Anhydrite

Anhydrite, Chihuahua, Mexico
General
CategoryMineral
Chemical formulaanhydrous calcium sulfate:CaSO4
Identification
ColorColorless, White, Bluish white, Violet, Dark gray
Crystal habitvery rare tabular and prismatic crystals. Usually occurs as fibrous, parallel veins that break off into cleavage fragments. Also occurs as grainy, massive, or nodular masses
Crystal systemOrthorhombic; 2/m 2/m 2/m
Cleavage[010] Perfect, [100] Perfect, [001] Good
Fractureconchoidal
Mohs Scale hardness3.5
LusterVitreous - Pearly
Refractive indexn?=1.569 - 1.573 n?=1.574 - 1.579 n?=1.609 - 1.618
PleochroismBiaxial (+)
Streakwhite
Specific gravity2.97
Fusibility2
Other CharacteristicsSome specimens fluoresce; many more fluoresce after heating

Anhydrite is a mineral - anhydrous calcium sulfate, CaSO4. It is in the orthorhombic crystal system, with three directions of perfect cleavage parallel to the three planes of symmetry. It is not isomorphous with the orthorhombic barium (barite) and strontium (celestine) sulfates, as might be expected from the chemical formulas. Distinctly developed crystals are somewhat rare, the mineral usually presenting the form of cleavage masses. The hardness is 3.5 and the specific gravity 2.9. The colour is white, sometimes greyish, bluish or purple. On the best developed of the three cleavages the lustre is pearly, on other surfaces it is vitreous. When exposed to water, anhydrite readily transforms to the more commonly occurring gypsum, (CaSO4·2H2O) by the absorption of water. Anhydrite is commonly associated with calcite, halite, and sulfides such as galena, chalcopyrite, molybdenite, and pyrite in vein deposits.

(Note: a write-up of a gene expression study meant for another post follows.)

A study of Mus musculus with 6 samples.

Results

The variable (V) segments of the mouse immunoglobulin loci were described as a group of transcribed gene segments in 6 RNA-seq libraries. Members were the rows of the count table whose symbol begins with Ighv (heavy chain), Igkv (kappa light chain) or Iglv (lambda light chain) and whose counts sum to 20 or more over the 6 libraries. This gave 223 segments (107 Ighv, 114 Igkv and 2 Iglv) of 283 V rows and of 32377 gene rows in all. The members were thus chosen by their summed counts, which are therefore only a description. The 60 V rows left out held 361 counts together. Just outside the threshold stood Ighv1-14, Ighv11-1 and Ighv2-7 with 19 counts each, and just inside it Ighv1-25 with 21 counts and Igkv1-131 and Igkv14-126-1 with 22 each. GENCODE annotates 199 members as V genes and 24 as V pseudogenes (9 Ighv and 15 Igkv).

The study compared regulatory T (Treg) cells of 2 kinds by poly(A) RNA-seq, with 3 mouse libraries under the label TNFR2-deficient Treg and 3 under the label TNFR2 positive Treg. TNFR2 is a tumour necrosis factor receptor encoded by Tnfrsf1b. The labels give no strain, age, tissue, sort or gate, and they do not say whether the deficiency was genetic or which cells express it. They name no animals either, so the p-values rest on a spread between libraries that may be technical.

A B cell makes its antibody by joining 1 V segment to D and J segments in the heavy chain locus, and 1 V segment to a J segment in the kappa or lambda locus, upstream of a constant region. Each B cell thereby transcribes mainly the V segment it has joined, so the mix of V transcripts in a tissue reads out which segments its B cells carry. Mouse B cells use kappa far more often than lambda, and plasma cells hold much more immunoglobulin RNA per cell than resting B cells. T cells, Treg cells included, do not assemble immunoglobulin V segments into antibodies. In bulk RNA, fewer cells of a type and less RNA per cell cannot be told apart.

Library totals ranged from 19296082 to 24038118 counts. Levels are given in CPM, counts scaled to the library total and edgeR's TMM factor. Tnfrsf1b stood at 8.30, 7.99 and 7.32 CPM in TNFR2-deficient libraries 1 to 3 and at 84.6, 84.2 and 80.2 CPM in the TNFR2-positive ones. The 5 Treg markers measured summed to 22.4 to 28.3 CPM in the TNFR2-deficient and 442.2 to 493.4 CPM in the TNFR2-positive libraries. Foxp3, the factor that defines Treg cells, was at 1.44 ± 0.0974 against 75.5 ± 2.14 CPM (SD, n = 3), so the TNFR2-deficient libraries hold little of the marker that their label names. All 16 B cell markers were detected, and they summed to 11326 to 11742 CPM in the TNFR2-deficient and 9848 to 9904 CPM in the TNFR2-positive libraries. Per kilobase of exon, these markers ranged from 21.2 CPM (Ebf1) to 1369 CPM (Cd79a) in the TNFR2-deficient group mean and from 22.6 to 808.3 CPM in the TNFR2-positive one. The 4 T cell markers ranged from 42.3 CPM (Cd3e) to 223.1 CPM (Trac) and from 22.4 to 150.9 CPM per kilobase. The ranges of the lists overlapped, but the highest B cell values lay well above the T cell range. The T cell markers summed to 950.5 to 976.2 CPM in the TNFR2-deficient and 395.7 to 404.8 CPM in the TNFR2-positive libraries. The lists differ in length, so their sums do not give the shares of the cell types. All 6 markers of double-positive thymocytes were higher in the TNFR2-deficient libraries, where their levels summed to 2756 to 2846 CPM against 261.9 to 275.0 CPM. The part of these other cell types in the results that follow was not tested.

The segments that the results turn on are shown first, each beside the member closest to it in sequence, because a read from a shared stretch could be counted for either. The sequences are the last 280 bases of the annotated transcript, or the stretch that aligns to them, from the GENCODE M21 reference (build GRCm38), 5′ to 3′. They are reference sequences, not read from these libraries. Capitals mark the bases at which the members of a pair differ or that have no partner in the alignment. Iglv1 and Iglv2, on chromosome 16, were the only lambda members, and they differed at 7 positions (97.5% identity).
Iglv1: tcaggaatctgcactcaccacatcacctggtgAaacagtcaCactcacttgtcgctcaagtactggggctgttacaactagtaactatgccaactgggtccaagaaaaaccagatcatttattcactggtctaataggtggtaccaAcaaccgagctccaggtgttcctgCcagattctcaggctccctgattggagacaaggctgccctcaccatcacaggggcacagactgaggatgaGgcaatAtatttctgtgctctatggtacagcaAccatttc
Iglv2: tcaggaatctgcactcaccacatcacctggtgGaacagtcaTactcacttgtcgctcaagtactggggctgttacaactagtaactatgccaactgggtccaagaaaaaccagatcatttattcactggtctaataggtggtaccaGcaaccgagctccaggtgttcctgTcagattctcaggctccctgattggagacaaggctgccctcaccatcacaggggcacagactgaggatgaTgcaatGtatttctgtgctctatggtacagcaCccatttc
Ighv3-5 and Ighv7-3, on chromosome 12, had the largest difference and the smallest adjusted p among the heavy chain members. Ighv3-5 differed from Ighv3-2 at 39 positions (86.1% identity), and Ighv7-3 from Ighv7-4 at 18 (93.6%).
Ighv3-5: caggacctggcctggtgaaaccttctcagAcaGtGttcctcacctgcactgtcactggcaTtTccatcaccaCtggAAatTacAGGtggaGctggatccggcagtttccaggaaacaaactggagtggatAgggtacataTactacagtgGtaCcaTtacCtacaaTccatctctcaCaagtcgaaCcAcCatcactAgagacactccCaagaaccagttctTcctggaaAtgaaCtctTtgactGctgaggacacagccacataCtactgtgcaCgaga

Additional recommended knowledge

Anhydrite is most frequently found in salt deposits with gypsum; it was, for instance, first discovered, in 1794, in a salt mine near Hall in Tirol. In this occurrence depth is critical since nearer the surface anhydrite has been altered to gypsum by absorption of circulating ground water.

From an aqueous solution calcium sulfate is deposited as crystals of gypsum, but when the solution contains an excess of sodium or potassium chloride anhydrite is deposited if temperature is above 40°C. This is one of the several methods by which the mineral has been prepared artificially, and is identical with its mode of origin in nature, the mineral is common in salt basins.

The name anhydrite was given by A. G. Werner in 1804, because of the absence of water of crystallization, as contrasted with the presence of water in gypsum. Some obsolete names for the species are muriacite and karstenite; the former, an earlier name, being given under the impression that the substance was a chloride (muriate). A peculiar variety occurring as contorted concretionary masses is known as tripe-stone, and a scaly granular variety, from Vulpino, near Bergamo, in Lombardy, as vulpinite; the latter is cut and polished for ornamental purposes.

Chicken-wire anhydrite

Chicken-wire anhydrite is a type of anhydrite deposit where seeping ground water gradually deposited large amounts of anhydrite in the sediment, replacing most of it, so that a cross-section of it looks somewhat like the coarse wire netting often used to confine poultry.

References

  • Dana's Manual of Mineralogy ISBN 0-471-03288-3
  • Spencer, Leonard James. Anhydrite. 1911 Encyclopædia Britannica
  • Th Mineralgalleries.com
  • Webmineral
  • Mindat.org
  • Minerals.net
 
This article is licensed under the GNU Free Documentation License. It uses material from the Wikipedia article "Anhydrite". A list of authors is available in Wikipedia.